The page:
Usually made wood or metal, a khartal player will hold one 'male' and 'female' khartal in each hand. The 'male' khartal is usually thicker and is held with the thumb while the 'female' khartal is usually thinner and is mainly balanced on the ring finger, which represents the fire element. It is associated with the sun and the root chakra. Its force provides staying power, stamina, and the power to be assertive.
A pair of wooden castanets with bells attached to them was the earliest form of the khartal. These pieces of wood are not connected in any way; however they can be clapped together at high speeds to make rapid complex rhythms. Aside from being an excellent accompaniment instrument, khartal is the most portable percussion instrument in the world.
Types of Khartals Used in Indian Music 1. Khartals (blocks). It consists of a pair of wooden blocks with jingles or crotales (kartals mean crotales). One pair is used in one hand of the musician. These pieces can be clapped together at high speeds to make fast complex beats.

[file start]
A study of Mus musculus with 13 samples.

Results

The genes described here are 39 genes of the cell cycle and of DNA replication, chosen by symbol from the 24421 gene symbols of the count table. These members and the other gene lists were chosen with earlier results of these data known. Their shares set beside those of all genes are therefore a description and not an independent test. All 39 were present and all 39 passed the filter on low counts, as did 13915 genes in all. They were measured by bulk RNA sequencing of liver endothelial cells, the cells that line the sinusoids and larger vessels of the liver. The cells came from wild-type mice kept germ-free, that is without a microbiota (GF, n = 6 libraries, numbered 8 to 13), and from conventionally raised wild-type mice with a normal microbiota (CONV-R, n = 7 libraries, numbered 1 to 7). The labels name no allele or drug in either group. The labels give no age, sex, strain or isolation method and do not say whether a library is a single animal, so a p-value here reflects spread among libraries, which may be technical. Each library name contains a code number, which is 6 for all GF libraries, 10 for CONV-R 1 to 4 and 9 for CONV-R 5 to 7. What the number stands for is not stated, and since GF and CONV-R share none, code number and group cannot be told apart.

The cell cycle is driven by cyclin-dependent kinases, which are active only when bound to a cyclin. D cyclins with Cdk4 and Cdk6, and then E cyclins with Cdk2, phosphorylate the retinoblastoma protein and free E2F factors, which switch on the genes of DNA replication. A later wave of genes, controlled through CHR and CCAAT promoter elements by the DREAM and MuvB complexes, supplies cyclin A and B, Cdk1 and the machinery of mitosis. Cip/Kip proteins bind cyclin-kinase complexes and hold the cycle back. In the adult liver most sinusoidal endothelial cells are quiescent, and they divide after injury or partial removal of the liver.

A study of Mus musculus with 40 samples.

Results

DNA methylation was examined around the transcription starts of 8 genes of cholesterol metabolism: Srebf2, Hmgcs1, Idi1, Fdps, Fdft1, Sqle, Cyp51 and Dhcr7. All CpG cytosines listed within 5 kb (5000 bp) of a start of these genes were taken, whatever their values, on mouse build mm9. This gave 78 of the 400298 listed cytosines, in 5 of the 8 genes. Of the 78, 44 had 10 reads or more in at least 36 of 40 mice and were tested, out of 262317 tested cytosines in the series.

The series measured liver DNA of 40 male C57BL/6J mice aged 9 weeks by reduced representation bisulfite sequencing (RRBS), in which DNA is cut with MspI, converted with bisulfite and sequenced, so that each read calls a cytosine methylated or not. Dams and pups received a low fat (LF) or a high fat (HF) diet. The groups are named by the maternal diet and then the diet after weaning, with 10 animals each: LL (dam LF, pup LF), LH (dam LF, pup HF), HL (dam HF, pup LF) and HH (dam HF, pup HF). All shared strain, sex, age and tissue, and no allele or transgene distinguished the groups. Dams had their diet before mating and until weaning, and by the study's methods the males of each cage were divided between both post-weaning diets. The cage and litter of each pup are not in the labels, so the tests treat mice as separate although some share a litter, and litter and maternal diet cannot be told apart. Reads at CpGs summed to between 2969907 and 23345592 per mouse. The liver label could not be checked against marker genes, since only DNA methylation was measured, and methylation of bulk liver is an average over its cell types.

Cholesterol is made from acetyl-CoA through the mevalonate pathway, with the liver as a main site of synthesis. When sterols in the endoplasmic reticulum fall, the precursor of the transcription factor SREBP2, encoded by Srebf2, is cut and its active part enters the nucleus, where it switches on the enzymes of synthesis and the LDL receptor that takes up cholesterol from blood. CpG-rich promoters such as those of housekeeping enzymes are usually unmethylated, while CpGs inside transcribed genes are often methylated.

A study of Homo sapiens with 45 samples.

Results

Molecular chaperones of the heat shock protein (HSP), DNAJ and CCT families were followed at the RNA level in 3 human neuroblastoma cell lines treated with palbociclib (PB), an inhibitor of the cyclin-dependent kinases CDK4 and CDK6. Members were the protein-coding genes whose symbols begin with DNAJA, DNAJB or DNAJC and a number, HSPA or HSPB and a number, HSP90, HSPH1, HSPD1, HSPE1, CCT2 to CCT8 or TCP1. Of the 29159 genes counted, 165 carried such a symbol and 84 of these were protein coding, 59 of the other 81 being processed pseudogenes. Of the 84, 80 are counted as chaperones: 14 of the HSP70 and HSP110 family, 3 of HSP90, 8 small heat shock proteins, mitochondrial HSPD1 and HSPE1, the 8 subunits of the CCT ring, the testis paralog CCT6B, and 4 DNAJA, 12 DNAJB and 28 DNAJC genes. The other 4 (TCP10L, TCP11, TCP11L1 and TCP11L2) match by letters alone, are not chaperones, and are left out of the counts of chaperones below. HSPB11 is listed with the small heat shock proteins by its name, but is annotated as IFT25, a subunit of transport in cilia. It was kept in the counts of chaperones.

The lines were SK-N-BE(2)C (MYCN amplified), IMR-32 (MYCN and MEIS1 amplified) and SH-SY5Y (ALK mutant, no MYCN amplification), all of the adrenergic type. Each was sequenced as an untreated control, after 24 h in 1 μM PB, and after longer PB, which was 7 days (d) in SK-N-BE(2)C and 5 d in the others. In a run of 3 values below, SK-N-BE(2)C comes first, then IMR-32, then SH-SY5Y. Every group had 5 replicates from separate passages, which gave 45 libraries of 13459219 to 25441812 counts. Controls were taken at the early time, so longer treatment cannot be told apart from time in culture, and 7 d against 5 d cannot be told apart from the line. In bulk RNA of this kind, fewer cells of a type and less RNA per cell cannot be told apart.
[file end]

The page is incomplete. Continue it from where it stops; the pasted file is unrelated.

2. Khartals (small sheets). It consists of a pair of thin, hard wooden pieces similar to the percussion bones (instrument). These are used in Rajasthan.
3. Khartals (cymbals). The khartals are small cymbals, also known as Manjira. These are used in devotional chants
In Maharashtra Khartals are better known as Chipdya. It is commonly used in religious song like Kirtan dances or Bhajans
Karatalas pronounced "kartels", are a percussion instrument played by striking two discs attached by a tether together, often used within the traditions of Hinduism to accompany kirtana or sankirtan (the glorification of a deity or God through speech or song). They are commonly used by Hare Krishna devotees when performing Harinam. Although, often confused with Zils or Finger Cymbals, Karatalas bear more similarities to crotal or bells, being of a heavier construction and producing a purer tone.